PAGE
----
Mohaather primed for Sussex Stakes challenge

Mon 27 Jul 2020

Marcus Tregoning reports Mohaather in fine shape as he goes for Group One glory in a star-studded edition of the Qatar Sussex Stakes at Goodwood.

The lightly-raced four-year-old was an impressive winner of Ascot’s Summer Mile from San Donato, erasing the memory of a luckless run in the Queen Anne won by Circus Maximus at the Royal meeting.

Whitsbury trainer Tregoning said: “He’s in good form. It’s not a biggish field, and hopefully he’ll run very well.

“He’s done very well. In all honesty, it was quite an easy race for him (at Ascot) as it turned out. He didn’t have that hard a race and came out of it rather well. He cantered the next day, and we’ve been happy with him since.

“It’s a tough order, but I don’t think we could have Mohaather any better and he deserves a crack at it.

“I don’t see why he won’t handle the track because he’s a neat horse who travels well and has plenty of speed. Hopefully he’s going to run a big race.”

Ger Lyons believes his Classic winner Siskin has to improve on what he has achieved so far to prevail against the likes of Mohaather.

The First Defence colt is unbeaten in five starts after his latest success in the Irish 2,000 Guineas.

“The form of the Irish Guineas has been ripped apart by the experts,” said Lyons.

“On ratings we have to improve, it’s as simple as that – we think he has, but we won’t know until he runs. He has to improve to even get close to some of these horses.

“He is working well at home, but he does need to improve. Only when he runs will we know if he has or not. The Guineas is in the bag, and that can’t be taken away.

“I think he’ll cope with the track, because he’s pretty straightforward – he’s going to have to.

“He’s only had the one run (this season) – that’s the way we chose to do it, but I won’t be using it as an excuse. He’s a very professional horse, and if he gets beat it’s because he’s not good enough.

“The horse has done everything I’ve asked of him, but he’s going to know about it on Wednesday.”

The form of the current Classic crop is being put to the test, with English 2000 Guineas winner Kameko throwing his hat into the ring too.

The Andrew Balding-trained colt drops back to his optimum trip, after running out of steam over a mile and a half in the Investec Derby when he was fourth to runaway winner Serpentine.

Balding has been pleased with the son of Kitten’s Joy after Epsom, and is excited at the prospect of such a high-quality race – one that offers automatic entry for the TVG Breeders’ Cup Mile at Keeneland later in the year.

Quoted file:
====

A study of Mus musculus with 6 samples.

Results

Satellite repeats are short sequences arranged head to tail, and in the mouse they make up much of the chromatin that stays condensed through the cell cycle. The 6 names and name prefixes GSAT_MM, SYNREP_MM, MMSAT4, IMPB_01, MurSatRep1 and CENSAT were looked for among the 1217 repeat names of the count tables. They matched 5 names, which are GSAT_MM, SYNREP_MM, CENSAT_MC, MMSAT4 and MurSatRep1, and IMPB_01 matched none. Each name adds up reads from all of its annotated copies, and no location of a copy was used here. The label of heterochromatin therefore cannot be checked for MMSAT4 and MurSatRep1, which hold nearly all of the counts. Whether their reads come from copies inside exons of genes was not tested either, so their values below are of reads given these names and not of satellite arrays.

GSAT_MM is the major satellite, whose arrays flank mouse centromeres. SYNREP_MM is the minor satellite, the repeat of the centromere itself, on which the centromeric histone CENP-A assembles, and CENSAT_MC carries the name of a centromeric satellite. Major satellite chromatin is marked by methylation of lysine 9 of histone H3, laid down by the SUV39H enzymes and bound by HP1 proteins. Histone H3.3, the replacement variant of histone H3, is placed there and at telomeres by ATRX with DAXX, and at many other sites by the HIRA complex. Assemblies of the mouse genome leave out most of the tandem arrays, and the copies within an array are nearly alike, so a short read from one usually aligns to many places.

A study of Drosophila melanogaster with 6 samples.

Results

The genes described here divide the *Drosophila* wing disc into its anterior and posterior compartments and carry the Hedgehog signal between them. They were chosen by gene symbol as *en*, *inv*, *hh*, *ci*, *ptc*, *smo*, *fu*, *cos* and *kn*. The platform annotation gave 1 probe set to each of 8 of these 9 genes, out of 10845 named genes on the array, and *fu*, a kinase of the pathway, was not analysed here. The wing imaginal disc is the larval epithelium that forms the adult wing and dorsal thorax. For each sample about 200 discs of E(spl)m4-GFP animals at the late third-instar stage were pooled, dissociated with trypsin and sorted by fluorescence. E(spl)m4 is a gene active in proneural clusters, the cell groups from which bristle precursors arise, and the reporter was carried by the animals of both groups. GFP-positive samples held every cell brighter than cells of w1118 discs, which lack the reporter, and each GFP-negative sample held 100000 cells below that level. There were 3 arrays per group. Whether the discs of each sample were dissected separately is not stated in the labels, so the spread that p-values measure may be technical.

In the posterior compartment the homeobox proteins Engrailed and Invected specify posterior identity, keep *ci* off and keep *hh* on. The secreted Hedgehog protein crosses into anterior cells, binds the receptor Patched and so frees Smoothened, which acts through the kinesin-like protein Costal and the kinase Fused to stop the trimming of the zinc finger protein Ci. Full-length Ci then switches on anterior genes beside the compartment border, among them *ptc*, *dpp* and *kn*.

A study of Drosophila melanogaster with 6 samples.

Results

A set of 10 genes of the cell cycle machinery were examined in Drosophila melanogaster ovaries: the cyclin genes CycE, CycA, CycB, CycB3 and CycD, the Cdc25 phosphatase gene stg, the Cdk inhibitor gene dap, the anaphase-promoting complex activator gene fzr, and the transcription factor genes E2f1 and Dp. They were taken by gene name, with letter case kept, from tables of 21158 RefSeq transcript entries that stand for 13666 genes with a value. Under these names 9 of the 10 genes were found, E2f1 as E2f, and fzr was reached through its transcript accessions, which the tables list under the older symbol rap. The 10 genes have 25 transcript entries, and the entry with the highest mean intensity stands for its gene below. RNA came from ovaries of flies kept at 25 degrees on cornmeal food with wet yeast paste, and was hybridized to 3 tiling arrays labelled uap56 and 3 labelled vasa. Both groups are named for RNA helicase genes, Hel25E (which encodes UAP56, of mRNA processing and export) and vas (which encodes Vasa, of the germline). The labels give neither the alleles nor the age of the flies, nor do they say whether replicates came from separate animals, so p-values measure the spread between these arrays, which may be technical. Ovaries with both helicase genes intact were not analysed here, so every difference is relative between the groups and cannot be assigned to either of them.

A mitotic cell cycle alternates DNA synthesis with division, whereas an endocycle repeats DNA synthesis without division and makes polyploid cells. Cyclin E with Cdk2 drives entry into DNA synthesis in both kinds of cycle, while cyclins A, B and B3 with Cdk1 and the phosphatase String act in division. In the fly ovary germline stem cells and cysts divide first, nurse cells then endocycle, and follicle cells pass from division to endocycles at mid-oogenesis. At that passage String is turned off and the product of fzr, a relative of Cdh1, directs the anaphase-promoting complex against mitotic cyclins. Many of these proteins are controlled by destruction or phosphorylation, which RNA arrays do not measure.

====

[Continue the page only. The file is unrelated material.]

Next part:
“He won a Guineas over a mile, so it was always the intention to come back down in trip after the Derby,” said the Kingsclere trainer.

“I’m looking forward to it and I couldn’t be happier with him.

“It’s a very strong field, as it should be for one of the championship races of the summer.”

Aidan O’Brien is responsible for three of the seven runners – last year’s runner-up Circus Maximus and the three-year-olds Vatican City and Wichita.

Vatican City chased home Siskin at the Curragh, but made no impact in the Derby at Epsom.

“The Irish Guineas was a funnily-run race,” said O’Brien.

“We had the pace in it, and it was probably plenty slow enough for our horses – it just became a bit of a mess.

“They were all in it three furlongs out, and it was just who was going to get a run after that. They all sprinted past the line – and when you see horses being hard to pull up at the Curragh, it’s usually not a good sign and usually means it wasn’t a true-run race.

“It was a little bit of a non-event for Vatican City, who was also having his first run of the year after two very soft runs last year.

“He’s been to Epsom since and ran respectably, even though he didn’t stay. We think going back to a mile will suit him much better.”

Circus Maximus found only Too Darn Hot too good in this race 12 months ago, and tries to go one better on the back of a narrow victory in the Queen Anne Stakes at Royal Ascot.

“He will only ever just win – Ryan (Moore) will tell you, that’s the way he is,” said O’Brien.

“He’s a very solid miler and a very tough but lazy horse.

“At home he’d do the same thing, no matter what you work with him, so we don’t really know what his limit is.”

Wichita went down by a neck to Kameko at Newmarket and was third to Palace Pier in the St James’s Palace Stakes at Royal Ascot.

“We’ve been happy with him since Ascot,” said O’Brien.

“He’s really maturing and he’s a massive horse – so with every month that goes by, he’s progressing.

“Hopefully they’ll all run well. Everyone wants to see the best horses in the race as it means a lot more to a horse if they win it.

“It’s exciting that they’re all there and we’re really looking forward to it.”

San Donato’s run behind Mohaather was his first race since his third in the French 2000 Guineas in May 2019, and only the seventh of his career.

Trainer Roger Varian was pleased with that effort, and expects him to have benefited from it.

“It’s been jolly frustrating that he’s only run twice in the last 20 months – but they’ve been two very good runs,” said the Newmarket handler.

“The winner (Mohaather) won well at Ascot that day. But I was delighted with my guy – I thought it was a very good run against some solid Group Two opposition, and I do anticipate him coming forward from that run.”